Max Planck Institute for Biological Cybernetics, Max Planck Society;
Former Research Group Computational Neuroanatomy, Max Planck Institute for Biological Cybernetics, Max Planck Society;

Max Planck Institute for Biological Cybernetics, Max Planck Society;
Former Research Group Computational Neuroanatomy, Max Planck Institute for Biological Cybernetics, Max Planck Society;

Max Planck Institute for Biological Cybernetics, Max Planck Society;
Former Research Group Computational Neuroanatomy, Max Planck Institute for Biological Cybernetics, Max Planck Society;



Cite as: http://hdl.handle.net/21.11116/0000-0000-7B7E-A
Abstract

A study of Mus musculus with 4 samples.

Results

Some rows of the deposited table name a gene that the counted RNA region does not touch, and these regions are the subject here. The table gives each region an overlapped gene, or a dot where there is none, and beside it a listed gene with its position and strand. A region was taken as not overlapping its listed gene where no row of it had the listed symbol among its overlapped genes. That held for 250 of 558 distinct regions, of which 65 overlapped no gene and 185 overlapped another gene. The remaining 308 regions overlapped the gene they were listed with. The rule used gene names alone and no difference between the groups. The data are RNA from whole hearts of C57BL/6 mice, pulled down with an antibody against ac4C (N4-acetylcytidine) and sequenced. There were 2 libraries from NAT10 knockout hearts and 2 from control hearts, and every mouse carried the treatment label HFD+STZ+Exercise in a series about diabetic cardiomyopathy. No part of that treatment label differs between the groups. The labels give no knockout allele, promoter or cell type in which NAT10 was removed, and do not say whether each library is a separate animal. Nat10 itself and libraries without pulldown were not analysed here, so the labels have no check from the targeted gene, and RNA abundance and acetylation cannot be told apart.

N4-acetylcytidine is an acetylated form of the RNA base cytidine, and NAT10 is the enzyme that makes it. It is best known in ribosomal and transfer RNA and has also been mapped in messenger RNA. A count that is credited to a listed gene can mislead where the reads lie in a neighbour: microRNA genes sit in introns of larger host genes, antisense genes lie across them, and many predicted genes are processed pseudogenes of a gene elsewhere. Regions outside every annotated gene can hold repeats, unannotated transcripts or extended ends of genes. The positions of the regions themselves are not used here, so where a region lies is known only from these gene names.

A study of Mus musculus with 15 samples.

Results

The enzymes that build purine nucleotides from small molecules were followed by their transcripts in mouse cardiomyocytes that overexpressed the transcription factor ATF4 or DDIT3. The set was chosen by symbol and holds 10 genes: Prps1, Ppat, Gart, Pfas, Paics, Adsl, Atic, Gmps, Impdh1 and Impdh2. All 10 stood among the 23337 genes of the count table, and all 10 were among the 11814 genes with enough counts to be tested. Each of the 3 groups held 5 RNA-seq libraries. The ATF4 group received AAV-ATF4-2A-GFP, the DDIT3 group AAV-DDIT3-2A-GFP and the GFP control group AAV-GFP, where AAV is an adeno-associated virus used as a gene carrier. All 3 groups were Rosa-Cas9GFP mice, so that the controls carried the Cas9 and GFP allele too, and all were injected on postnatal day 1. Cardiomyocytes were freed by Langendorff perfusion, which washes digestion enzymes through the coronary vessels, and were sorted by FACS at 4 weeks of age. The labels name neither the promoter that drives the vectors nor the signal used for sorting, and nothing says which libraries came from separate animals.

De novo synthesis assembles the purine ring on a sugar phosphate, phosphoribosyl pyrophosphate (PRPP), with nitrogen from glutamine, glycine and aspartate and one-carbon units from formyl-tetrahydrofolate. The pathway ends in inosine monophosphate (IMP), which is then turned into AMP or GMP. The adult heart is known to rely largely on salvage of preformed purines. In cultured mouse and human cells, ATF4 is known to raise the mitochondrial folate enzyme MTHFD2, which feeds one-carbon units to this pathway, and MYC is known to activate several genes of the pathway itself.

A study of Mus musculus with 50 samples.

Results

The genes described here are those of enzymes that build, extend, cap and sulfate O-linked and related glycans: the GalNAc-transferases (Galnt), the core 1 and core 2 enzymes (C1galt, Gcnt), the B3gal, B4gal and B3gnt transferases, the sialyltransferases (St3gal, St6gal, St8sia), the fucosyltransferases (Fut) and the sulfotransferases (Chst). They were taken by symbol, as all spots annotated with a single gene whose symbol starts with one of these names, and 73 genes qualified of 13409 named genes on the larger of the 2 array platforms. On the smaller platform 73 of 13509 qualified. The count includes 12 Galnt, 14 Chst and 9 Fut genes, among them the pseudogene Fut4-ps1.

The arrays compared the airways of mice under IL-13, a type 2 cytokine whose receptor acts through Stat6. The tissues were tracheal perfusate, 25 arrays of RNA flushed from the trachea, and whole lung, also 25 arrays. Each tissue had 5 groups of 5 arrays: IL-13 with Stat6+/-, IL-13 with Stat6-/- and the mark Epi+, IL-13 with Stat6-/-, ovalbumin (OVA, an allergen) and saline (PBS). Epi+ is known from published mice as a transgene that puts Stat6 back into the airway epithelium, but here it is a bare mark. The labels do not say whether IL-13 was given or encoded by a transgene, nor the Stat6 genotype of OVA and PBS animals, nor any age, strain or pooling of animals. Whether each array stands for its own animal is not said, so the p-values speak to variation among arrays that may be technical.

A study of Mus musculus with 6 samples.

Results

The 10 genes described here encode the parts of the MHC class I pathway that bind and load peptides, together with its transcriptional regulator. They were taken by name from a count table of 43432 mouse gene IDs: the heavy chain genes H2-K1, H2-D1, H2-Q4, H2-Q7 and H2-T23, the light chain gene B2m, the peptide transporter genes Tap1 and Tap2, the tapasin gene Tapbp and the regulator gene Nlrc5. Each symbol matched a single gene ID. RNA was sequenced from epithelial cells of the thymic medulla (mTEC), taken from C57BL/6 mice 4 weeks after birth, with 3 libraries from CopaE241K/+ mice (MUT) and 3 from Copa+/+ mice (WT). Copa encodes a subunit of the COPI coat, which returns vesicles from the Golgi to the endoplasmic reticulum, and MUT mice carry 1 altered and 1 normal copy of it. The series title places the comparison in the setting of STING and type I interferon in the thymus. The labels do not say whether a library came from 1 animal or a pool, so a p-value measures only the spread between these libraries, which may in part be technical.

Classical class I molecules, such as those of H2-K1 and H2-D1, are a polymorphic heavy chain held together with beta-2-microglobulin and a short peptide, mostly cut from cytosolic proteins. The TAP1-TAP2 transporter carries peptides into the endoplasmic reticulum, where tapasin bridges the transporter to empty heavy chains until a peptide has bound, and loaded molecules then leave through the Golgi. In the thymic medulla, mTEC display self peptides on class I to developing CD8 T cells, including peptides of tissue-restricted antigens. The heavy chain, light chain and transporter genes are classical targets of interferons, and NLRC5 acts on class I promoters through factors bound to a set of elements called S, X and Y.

Synaptic connectivity is one important constrain for cortical signal flow and function. Consequently, a complete synaptic connectivity map (i.e., connectome) of a cortical area across spatial scales would advance our understanding of cortex organization and function. We present a dense statistical connectome of the entire rat vibrissal cortex based on measured 3D distributions of axons/dendrites/somata of excitatory and inhibitory neurons. By calculating the structural overlap between pre- and postsynaptic cells our model provides quantitative estimates on connectivity measurements like connection probability and number of synapses on cell type, cellular, and subcellular levels. We found that our model reproduces connectivity measurements between thalamic and excitatory/inhibitory neurons reported in paired recordings and light- and electron-microscopic studies. Similarly, intracortical synaptic connectivity of our model matches most connectivity measurements. However, the location and distance between pre- and postsynaptic cells and - in case of slicing experiments - the degree of truncation strongly influences the connectivity. When reproducing electronmicroscopic and in vitro slicing experiments in our model, we found that measurements obtained under the respective experimental conditions are in line with our model's results, but represent only a small fraction of the underlying distribution. The experimental conditions such as the small volume analyzed in electron-microscopic studies or the truncation of morphologies thus biases the conclusions that are drawn, e.g. an underestimation of the connection probability. Our approach can therefore be used to improve experimental design and seen as a starting point to simulate sensory-evoked signal flow and investigate structural and functional organization of the cortex.